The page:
Conn. Congressman: 'There's No Precedent For This'

Weekend Edition Sunday host Rachel Martin talks with Sen.-elect Chris Murphy of Connecticut about Friday's school shooting in Newtown, Conn. Murphy currently represents the state's 5th Congressional District, which includes Newtown.

Copyright © 2012 NPR. For personal, noncommercial use only. See Terms of Use. For other uses, prior permission required.

RACHEL MARTIN, HOST:

Chris Murphy represents Connecticut's 5th Congressional District, which includes Newtown. He's a Democrat and he's heading to the U.S. Senate next month for his first term. We spoke with him yesterday about Friday's school shooting. Senator-elect, thanks so much for taking the time.

REPRESENTATIVE CHRIS MURPHY: Thank you very much for having me.

MARTIN: I know you have been in Newtown for the last couple of days since the tragedy. Can you give us a sense of the kinds of conversations you've been having with people there?

MURPHY: Well, there's no real way for anybody in Newtown to process what happened. You know, there's a bit of blankness in the faces and eyes of people that are walking around town who were at the firehouse because there's no precedent for this. That being said, you know, I've had the pleasure of representing this town for the last six years. I know it well. And, you know, this is a small town that can come together. And even though this is going to be an awful, terrible long process, you see the best of the town coming out.

MARTIN: The identities of the victims are starting to come out. Have you talked with any of the families? Have you learned details about who these people were?

MURPHY: Obviously, we're dealing with beautiful little children who, you know, leave behind brothers and sisters and parents. And, obviously, there's a number of adults as well. I think what we'll learn though is that there are, you know, acts of heroism that happened that day - teachers and other people in the building who helped deliver others to safety. You know, this is going to take a long time to process. And as people learn more about these victims, you know, I think it'll be even more awful knowing the wonderful, beautiful lives that were lost.

MARTIN: This is obviously a time of immense sadness, a time for grieving in that community, but at the same time, President Obama in his remarks Friday opened the door to a renewed conversation about guns in this country when he said it was time for, quote, "meaningful action." What do you think that means?

MURPHY: Well, you know, that's for, you know, President Obama to, you know, to flesh out for the country. I don't begrudge anyone for, you know, talking about the policy lessons from a tragedy like this, you know, whether it's conversation about gun control or mental health treatment or school safety. But for those of us that are sort of living this, that are on the ground just trying to make sure that people are safe and family members are notified, you know, we're just not thinking about this right now - and we will. You know, I think that myself and Senator Blumenthal and Governor Malloy, we are going to, you know, take a serious look at the lessons that can be learned here and whether there are calls to action, which I imagine there are. You know, but for those of us that are sort of living this right now in the town of Newtown, you know, we'll leave it to others to talk about policy right now. We just got to make sure that we're giving people the resources that they need.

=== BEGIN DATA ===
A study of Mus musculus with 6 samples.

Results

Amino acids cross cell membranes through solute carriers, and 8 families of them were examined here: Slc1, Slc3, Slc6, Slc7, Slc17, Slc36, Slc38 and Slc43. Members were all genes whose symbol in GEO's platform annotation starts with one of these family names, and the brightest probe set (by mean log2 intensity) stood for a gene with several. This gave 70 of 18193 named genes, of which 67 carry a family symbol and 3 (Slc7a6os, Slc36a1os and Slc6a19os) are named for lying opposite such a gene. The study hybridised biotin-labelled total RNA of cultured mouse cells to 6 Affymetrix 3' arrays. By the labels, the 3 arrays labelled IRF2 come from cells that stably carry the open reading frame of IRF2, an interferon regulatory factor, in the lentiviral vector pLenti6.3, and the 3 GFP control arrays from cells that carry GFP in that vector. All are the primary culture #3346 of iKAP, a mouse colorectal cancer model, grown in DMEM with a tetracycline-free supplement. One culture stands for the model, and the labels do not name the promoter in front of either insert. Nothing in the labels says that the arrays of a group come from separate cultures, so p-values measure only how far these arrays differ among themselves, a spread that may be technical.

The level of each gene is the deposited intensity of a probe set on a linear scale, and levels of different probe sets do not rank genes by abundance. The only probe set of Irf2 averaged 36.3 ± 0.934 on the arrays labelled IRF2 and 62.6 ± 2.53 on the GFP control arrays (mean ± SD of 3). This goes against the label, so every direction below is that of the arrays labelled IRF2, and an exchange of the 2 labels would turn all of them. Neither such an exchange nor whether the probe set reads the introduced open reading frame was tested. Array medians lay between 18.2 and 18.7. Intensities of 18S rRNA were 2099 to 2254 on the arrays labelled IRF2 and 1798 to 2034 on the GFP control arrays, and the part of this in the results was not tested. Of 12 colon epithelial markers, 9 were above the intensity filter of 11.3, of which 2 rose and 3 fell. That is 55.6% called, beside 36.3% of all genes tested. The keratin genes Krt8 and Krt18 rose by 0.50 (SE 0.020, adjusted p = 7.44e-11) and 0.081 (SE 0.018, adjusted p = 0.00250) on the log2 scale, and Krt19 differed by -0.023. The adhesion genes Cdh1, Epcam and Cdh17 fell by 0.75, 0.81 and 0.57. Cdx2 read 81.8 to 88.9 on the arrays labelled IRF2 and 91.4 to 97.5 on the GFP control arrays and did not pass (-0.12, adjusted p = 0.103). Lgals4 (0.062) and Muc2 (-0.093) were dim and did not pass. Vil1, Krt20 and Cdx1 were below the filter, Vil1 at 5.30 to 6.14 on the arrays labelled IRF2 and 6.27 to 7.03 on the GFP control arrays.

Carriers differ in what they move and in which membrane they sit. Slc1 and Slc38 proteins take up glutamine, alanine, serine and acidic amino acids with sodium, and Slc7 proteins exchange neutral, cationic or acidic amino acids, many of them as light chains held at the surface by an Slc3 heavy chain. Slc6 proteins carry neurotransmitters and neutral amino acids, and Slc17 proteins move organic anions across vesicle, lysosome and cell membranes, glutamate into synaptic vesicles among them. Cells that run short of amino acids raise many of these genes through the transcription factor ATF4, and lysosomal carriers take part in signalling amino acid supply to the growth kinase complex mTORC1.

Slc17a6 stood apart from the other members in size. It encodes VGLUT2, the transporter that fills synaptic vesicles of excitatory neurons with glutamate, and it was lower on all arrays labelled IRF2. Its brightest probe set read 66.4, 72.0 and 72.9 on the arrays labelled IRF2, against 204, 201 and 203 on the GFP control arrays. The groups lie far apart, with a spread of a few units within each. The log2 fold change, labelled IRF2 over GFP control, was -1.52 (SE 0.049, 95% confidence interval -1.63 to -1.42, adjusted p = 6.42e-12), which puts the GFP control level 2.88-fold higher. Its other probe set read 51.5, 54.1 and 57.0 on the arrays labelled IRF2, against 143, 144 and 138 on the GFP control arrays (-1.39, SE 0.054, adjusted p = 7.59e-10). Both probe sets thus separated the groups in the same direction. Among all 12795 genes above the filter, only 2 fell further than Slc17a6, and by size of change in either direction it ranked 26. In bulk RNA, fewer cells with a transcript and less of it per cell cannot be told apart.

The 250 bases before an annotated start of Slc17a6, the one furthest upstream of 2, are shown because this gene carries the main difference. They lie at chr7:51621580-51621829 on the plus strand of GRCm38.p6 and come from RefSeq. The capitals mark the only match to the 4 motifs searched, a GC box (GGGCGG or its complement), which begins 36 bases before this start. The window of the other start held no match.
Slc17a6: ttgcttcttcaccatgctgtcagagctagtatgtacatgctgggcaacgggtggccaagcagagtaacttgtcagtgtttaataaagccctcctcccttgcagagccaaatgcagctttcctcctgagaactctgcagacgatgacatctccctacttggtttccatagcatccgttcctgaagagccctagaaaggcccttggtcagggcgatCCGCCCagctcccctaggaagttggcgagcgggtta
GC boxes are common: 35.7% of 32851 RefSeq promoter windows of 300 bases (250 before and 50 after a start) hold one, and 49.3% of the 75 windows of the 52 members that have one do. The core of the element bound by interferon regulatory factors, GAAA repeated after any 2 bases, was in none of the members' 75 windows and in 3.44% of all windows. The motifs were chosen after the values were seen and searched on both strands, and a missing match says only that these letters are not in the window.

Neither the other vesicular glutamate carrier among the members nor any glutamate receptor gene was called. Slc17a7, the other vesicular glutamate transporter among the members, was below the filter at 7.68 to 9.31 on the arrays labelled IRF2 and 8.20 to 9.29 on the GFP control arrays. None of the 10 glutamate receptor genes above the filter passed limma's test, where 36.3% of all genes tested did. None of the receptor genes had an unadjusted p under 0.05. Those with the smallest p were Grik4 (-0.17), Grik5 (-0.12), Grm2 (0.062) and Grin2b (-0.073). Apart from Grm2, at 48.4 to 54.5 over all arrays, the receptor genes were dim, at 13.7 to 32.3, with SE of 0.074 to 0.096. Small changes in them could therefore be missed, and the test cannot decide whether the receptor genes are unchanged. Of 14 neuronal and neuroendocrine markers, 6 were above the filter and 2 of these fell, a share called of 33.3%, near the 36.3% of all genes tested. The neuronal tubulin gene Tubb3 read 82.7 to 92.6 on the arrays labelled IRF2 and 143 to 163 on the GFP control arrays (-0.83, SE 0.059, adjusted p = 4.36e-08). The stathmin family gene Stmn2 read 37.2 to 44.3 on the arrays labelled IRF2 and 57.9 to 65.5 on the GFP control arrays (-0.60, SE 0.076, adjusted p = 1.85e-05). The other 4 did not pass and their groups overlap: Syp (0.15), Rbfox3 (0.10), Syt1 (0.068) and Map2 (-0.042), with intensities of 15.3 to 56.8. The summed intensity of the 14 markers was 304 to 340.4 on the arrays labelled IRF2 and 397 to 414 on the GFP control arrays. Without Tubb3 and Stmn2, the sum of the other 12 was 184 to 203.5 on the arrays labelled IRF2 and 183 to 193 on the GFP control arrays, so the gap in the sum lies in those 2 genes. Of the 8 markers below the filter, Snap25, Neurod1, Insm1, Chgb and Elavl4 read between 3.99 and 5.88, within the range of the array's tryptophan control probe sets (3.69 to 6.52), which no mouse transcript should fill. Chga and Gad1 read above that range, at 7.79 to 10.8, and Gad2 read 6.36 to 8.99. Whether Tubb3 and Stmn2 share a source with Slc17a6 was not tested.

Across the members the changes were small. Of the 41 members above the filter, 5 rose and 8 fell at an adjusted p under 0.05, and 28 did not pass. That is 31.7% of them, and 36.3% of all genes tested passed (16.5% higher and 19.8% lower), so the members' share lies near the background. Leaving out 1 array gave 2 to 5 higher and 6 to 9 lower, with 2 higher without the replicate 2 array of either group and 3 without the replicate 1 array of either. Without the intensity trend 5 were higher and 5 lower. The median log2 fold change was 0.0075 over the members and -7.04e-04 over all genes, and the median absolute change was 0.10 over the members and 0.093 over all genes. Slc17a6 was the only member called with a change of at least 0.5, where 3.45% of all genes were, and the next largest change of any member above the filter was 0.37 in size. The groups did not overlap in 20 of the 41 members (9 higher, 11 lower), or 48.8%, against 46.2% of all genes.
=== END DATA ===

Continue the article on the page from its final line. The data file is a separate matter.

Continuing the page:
MARTIN: And understandably so. We should point out, though, that you're currently serving in the House of Representatives and in that position you cosponsored a piece of legislation that was meant to close to the so-called gun show loophole, which would require regular criminal background checks on all firearms transactions at gun shows. So, the policy issue surrounding this crime, gun control, is a familiar one to you, right?

MURPHY: Well, sure. There's discussion that will come from this that are, you know, very familiar to the nation, whether you're talking about the policies surrounding guns or whether people have access to the right kind of health services that they need. These are going to be familiar conversations - unfortunately, too familiar - because this is the latest and most awful in a long line of mass shootings. There's too much violence in this nation. There's too easy an ability for individuals to be able to carry out these types of violent mass atrocities. And so we need to talk about this. It's just, you know, for those of us that are managing the crisis, it's just not where our heads are at right now.

MARTIN: Senator-elect Chris Murphy of Connecticut. He currently represents Connecticut's 5th Congressional District, which includes Newtown. Senator-elect Murphy, thanks very much for taking time to talk with us today.

MURPHY: Thanks for having me.

Copyright © 2012 NPR. All rights reserved. No quotes from the materials contained herein may be used in any media without attribution to NPR. This transcript is provided for personal, noncommercial use only, pursuant to our Terms of Use. Any other use requires NPR's prior permission. Visit our permissions page for further information.

NPR transcripts are created on a rush deadline by a contractor for NPR, and accuracy and availability may vary. This text may not be in its final form and may be updated or revised in the future. Please be aware that the authoritative record of NPR's programming is the audio.

Comments

 

Please keep your community civil. All comments must follow the NPR.org Community rules and terms of use, and will be moderated prior to posting. NPR reserves the right to use the comments we receive, in whole or in part, and to use the commenter's name and location, in any medium. See also the Terms of Use, Privacy Policy and Community FAQ.